US retail sales rose at a solid pace last month, as a healthier job market and warmer weather encouraged more Americans to shop.
The Commerce Department said on Monday that retail sales rose 0.8 per cent in March. That's below February's 1 per cent increase but above January's pace.
Some of the increase went to higher gas prices. Still, steeper gas prices haven't deterred Americans from spending more on other goods.
Consumers spent more last month on building materials, vehicles, electronics, furniture and clothing. Excluding car and petrol sales, retail sales increased 0.7 per cent. And excluding vehicles, gas, and home supplies, so-called "core" sales rose 0.5 per cent in March, matching February's gain.
Investors seemed pleased by the gains. The Dow Jones Industrial Average rose more than 110 points in the first hour of trading, and broader indexes also increased.
Joshua Shapiro, an economist at MFR Inc, said retail sales have "picked up considerably" in the first quarter, after a weak December gain. Sales have been bolstered by greater hiring, but also unseasonably warm weather, which has added to clothing and home supply sales.
Shapiro cautioned that the warmer weather may have moved up some sales, which could lead to weaker spending in April and May.
Still, the gain pushed retail sales to a record high of $US411.1 billion ($A398.4 billion), 24 per cent higher than the recession low hit in March 2009.
The retail sales report is the government's first look each month at consumer spending, which represents 70 per cent of economic activity. The increase, along with other recent positive data on inventories and trade, suggests growth in the January-March quarter could be stronger than first thought.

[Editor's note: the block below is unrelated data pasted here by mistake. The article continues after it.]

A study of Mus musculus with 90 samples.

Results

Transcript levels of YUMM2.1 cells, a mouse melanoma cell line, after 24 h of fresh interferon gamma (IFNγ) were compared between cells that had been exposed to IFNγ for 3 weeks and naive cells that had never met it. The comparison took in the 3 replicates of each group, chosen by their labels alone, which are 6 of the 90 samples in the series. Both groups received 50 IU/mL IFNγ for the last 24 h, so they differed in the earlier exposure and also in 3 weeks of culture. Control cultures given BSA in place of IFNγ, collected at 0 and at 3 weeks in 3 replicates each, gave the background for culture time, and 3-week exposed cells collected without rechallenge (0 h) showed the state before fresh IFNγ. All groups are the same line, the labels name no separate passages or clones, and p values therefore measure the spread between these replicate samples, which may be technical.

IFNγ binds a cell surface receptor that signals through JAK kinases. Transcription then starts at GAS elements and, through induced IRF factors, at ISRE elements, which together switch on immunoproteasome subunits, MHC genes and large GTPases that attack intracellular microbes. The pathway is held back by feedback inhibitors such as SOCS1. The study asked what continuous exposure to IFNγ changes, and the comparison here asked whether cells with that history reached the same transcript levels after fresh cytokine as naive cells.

Economists are estimating growth at an annual rate of between 2.5 per cent and three per cent in the first quarter. That's in line with the three per cent annual pace in the October-December quarter.
Americans are more confident in the economy after seeing hiring strengthen this winter. Job gains averaged 246,000 per month from December through February. Hiring slowed to half that pace in March, although economists have suggested the lull may be temporary.
More hiring has helped lower the unemployment rate from 9.1 per cent in August to 8.2 per cent in March. Still, the stronger hiring hasn't translated into higher salaries. Americans' pay isn't keeping pace with inflation. That, along with higher gas prices, could restrain consumer spending later this year.
Gas prices rose more slowly last month, according to a separate report released last week. And in the last two weeks, they are showing signs of levelling off. That may also be giving consumers more incentive to spend.
Americans stepped up shopping last month. Retail merchants reported a 4.1 per cent increase in sales in March compared to a year ago, according to a tally of 22 retailers by the International Council of Shopping Centers.
Many retailers, from luxury chain Saks Inc to department store operator Macy's to discounter Target, reported sales above analysts' forecasts.